Bovine Intervention

 

The March ‘06 moonride was in serious jeopardy. The unseasonably cold and wet weather was poised to derail the event. Recent snows blanketed most of the routes that had been suggested. As Eric drove towards Calistoga, snow fell on the mountain pass. Cal Trans trucks stood ready plow the rare white, cold snow. The sky was a thick, dark overcast. It showed little signs of relenting.


As the attendees began to arrive at the Cedar Street Brewpub, a slight break in the heavy cloud cover was noted, though the sky remained mostly full of dark, threatening, moisture laden clouds. Sebastian had driven all the way from Portland, much of the trip was through rain. It seemed like a washout was about to befall the moonlight riders. Michel was champing at the bit to ride with the pack and shed, for a moment, the albatross-like trappings of modern day living. Lucy drove through rain and funk from Humboldt to volunteer for the shaky looking event. Dr. J. announced that he would be up for anything, which included a ride directly to the Calistoga Inn, which would be an epic; the shortest ride on record. Jim lobbied for an event in Knights Valley. Eric tried to ascertain the area most likely to be of decent passage. Lindsey worked feverishly on his bike. Shawn suggested the Mt. St. Helena downhill.

Everyone transferred to the shop for the final moments of confusion. By this time, La Luna had made a very nice entry into the night sky. In the east, the clouds had dissipated and allowed the nearly full moon to shine in her glory. Somewhat buoyed by the bright appearance of the Lady, the ride was announced: It would be the favored default ride, the Mt. St. Helena downhill. The eight riders and bikes packed into the van and drove to RLS.


The riders assembled at the parking lot and made the final adjustments before heading into the lovely woods of the park. A young dad was showing his three year old daughter the snow in the dark. “See how much fun it is!” He grinned. She didn’t seem convinced. The riders proceeded into the forest and up the trail. Snow lined the sides of the route, yet was not an issue for riding. The jaunt to the Stevenson’s place was routine. The transit across Silver St. produced no surprises. The octet pedaled with abandon across the Silverado Ranch road as the remaining clouds continued to dissipate.

The group traveled to the headwaters of the Napa river. This was the planned dinner spot. However, with light winds and a better view, the group proceeded to Turk’s Head to build the fire. Each rider had carried a small amount of Midnight Door scraps. The wood, imported from France, provided a nice, hot fire to cook the food and keep the revelers warm in the sub-freezing temperatures. Food was provided by the Rolling Deli and others. The Portabella mushroom won the top honor for taste. The apple smothered in Maple syrup was a close contender.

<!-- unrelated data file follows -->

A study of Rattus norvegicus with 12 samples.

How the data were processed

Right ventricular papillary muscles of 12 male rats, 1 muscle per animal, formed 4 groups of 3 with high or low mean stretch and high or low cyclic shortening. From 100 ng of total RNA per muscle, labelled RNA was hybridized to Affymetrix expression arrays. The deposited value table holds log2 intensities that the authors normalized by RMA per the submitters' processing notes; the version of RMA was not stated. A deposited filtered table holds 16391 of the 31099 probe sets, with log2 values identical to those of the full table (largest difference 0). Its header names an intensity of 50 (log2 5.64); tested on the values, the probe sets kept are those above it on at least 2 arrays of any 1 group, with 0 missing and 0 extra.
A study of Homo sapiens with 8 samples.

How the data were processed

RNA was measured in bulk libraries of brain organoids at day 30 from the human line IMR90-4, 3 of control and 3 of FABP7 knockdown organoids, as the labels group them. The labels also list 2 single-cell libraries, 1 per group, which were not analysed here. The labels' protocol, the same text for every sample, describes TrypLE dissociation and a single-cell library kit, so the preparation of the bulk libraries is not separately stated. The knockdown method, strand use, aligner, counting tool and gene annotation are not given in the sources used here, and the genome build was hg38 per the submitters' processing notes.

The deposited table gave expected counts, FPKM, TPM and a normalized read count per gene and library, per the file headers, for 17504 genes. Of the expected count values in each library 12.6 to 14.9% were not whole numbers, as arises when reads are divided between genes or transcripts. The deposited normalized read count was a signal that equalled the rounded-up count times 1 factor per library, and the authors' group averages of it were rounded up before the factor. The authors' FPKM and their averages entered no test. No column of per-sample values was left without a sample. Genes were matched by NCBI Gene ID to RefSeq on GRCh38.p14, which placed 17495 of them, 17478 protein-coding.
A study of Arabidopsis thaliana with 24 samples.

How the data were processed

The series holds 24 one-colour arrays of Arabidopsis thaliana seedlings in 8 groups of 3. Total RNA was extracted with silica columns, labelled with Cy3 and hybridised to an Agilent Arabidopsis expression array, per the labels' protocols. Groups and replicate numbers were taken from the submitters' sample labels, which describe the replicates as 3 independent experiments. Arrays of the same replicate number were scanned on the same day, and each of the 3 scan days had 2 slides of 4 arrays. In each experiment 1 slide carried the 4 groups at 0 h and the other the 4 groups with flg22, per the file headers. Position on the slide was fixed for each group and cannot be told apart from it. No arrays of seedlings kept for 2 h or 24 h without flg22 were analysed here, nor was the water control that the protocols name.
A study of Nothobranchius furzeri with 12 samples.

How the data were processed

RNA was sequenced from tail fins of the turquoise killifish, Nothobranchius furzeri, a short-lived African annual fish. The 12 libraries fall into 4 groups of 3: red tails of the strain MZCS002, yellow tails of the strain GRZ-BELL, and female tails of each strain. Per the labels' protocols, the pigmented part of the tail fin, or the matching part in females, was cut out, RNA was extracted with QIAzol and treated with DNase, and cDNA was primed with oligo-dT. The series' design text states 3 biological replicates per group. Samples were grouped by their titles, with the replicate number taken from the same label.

Eventually the dinner party came to a close. By this time all clouds had serendipitously vanished from the night sky. The moon shined bright on the steep flanks of the mountain. The riders assembled and began the ride downhill. The first section contains Nature’s experimental effort to resist passage by bikers. The California Buckthorn had become thick and nearly impenetrable. Fortunately the section lasts a merciful short distance. Once past this obstacle, the namesake of the ride appears. The steep, sharp drop off the side of the mountain is thrilling and hazardous. Most of the riders made the passage without dire incident. Once at the bottom of the drop, the course heads across the hills along the contour line. The steep hillside provides only a narrow ledge to ride. This part of the ride is well exposed to the moonlight. The riders made steerage along the trail. The wooded sections were actually in good condition. The brush was not overgrown and only a few places suffered erosion. The group headed towards the vaginated tree, the scene made famous during the Vagina Moonologue ride.


On this night, however, it would not be the intricacies of woody growth, but the preceding visit from the bovinistas. Jim was the first to encounter the bottomless wallow. Jim’s heroic effort to dyno across the muck resulted in a front wheel stick and subsequent relocation of Jim’s upright body to a horizontal positioning in mud that was three feet deep. Others followed with less dramatic results. This was the beginning of the cry-fest.


The ride across the high hill gave some momentary relief from the muck. At the bottom of the hill, the riders assembled for the last meeting of the ride. The road seemed good and the spirits soared as the riders jetted downhill. It was hoped that the cows had somehow not been on the remaining part of the ranch road. Just about the time that one began to relax, a huge mud hole lurked in the middle of the road. Everyone nearly stacked. For the next mile, the riders would schlog through ankle deep goo too thick to consider riding except on the steeper downhill sections. Then, one could only go as fast as possible to plane across the surface of the mud.


Finally, the last climb towards Chino Flat enabled the riders to finally depart the mucky ground for less walking and more riding. The descent into the valley produced freezing temperature. Everyone suffered from cold feet, with the exception of Linz who had hermetically sealed his feet with duck tape. Low lying fog greeted the riders as they pedaled back to the shop.

The ride was an enormous success considering how bad the weather looked at the beginning of the day. Eight riders gathered to celebrated the spirit of adventure. This event offered the attendees a chance to jump momentarily into the void, to allow the universe to take over and to ride the rip-curl of chaos and pandemonium.